David correctly points out that some appliances, like washing machines or electric dryers, with higher power requirements, have a different plug design. “Clearly, a one size standard does not fit all”, as he says. However, this is an intentional design decision made for safety reasons. If things cannot safely be interchanged, then good industrial design is to make them impossible to be interchanged. These plugs are incompatible and non-interoperable on purpose.
No one would intentionally do that with a file format, would they?
David then suggests that a single standard is insufficient because it would stifle competition and innovation:
Electricity is a largely mature and stable technology and there is not much room for innovation in the socket and receptacle space. Document formats, on the other hand, are constantly evolving to keep pace with changing technology. Competition is vital to ensure that those formats continue to meet those ever changing needs. Imagine if a single document format was adopted 15 years ago. How would that format deal with things that we take for granted today like including links to web pages, adding digital photos, or even embedding video in our documents? Unlike electricity, document formats are evolving at a rapid pace and competition will help drive that innovation.
I see it differently. Has a single HTML standard held back competition and innovation on the web? Has the move from vendor-specific network protocols to TCP/IP deprived consumers of innovation? Has the standardization of SQL held back the database industry? Have standardized programming languages like C and C++ prevented others from innovating? I see no evidence of this. On the contrary, standardized HTML, TCP/IP, SQL and C/C++ have been fundamental to the modern IT economy and have been responsible for many billions of dollars of value.
I’d also challenge the assertion that standardization equates with lack of innovation. If this were true, how does Microsoft reconcile their work standardizing OOXML, .NET, C++/CLI, C#, etc., with their needs for continuing innovation? Are these areas, “largely mature and stable”?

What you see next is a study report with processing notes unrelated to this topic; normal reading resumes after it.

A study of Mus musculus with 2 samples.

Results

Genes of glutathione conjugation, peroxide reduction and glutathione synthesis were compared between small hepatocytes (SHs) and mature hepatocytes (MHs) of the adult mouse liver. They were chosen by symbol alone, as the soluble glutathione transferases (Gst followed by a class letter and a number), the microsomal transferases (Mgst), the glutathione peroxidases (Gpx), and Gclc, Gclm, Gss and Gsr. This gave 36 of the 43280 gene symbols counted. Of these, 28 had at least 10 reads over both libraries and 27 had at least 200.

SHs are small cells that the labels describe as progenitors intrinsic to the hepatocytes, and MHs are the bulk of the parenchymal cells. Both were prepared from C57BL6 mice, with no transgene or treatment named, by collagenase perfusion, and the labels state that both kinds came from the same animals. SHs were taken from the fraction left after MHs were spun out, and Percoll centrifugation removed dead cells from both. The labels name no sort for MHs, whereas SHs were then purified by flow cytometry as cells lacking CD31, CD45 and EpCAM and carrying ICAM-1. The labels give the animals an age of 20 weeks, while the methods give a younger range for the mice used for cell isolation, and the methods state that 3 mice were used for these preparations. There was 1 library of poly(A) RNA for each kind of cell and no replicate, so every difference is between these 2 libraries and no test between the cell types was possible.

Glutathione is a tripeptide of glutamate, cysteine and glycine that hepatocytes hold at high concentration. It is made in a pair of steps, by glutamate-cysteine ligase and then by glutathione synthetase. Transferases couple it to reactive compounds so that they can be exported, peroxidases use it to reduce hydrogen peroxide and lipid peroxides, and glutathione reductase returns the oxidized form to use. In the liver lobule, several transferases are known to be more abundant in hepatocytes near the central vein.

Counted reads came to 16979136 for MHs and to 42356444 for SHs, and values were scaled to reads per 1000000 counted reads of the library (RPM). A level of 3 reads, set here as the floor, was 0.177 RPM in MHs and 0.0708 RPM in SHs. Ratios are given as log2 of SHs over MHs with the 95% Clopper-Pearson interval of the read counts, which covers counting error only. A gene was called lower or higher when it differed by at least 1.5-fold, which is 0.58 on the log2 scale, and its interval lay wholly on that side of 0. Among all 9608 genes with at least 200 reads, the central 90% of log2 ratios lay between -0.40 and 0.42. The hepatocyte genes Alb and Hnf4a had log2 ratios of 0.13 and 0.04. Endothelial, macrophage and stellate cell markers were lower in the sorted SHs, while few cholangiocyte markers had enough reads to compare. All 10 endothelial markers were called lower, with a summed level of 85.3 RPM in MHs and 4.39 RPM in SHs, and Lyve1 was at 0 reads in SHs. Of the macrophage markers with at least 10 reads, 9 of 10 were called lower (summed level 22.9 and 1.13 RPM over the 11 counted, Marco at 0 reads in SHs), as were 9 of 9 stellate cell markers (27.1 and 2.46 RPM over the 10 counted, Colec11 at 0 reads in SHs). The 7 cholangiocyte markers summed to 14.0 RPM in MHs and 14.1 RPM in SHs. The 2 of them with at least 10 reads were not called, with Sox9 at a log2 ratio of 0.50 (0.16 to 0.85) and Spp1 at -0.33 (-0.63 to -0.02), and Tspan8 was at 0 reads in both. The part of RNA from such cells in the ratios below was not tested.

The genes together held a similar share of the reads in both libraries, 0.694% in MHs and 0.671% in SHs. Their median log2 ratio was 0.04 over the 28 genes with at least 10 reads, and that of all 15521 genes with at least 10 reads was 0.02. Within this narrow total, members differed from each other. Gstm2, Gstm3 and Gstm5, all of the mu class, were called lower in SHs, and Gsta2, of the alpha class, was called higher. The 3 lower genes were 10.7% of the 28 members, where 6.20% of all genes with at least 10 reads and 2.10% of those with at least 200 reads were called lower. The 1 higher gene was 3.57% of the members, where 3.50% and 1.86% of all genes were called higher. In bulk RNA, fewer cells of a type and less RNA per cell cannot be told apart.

Or is this really just a belief that standardization is good when Microsoft originates and controls the standard, but it is bad otherwise?
Back to the examples of HTML, TCP/IP, SQL, C/C++. These standards continued to evolve, and innovations were brought to consumers, but they were done in a multi-vendor standards process where they reconciled their multiple perspectives and needs. Is that such a bad model to follow?
In the end, where does innovation come from? Does it require absolute control? Or does it come from having bright people? I’d suggest the latter, and point out that Microsoft employs several, but not all of the bright people in the area of file formats. Microsoft and Microsoft’s customers would benefit greatly if Microsoft would join with their competitors who are already innovating and competing in the evolution of the ISO ODF standard.
Remember the “X” in XML stands for Extensible. Making a single file format that meets Microsoft’s needs, as well as IBM’s, Sun’s, Corel’s, Novell’s, Google’s, etc., is not only technically possible, it is the best approach for the consumer. This does not mean that competition ends, or that all office applications will have identical features, or that we can only have lowest-common-denominator functionality. It just means that we should agree on a common representation for the features that we already have in common, and then have a framework for layering on vendor-specific innovations to express the areas where we differ.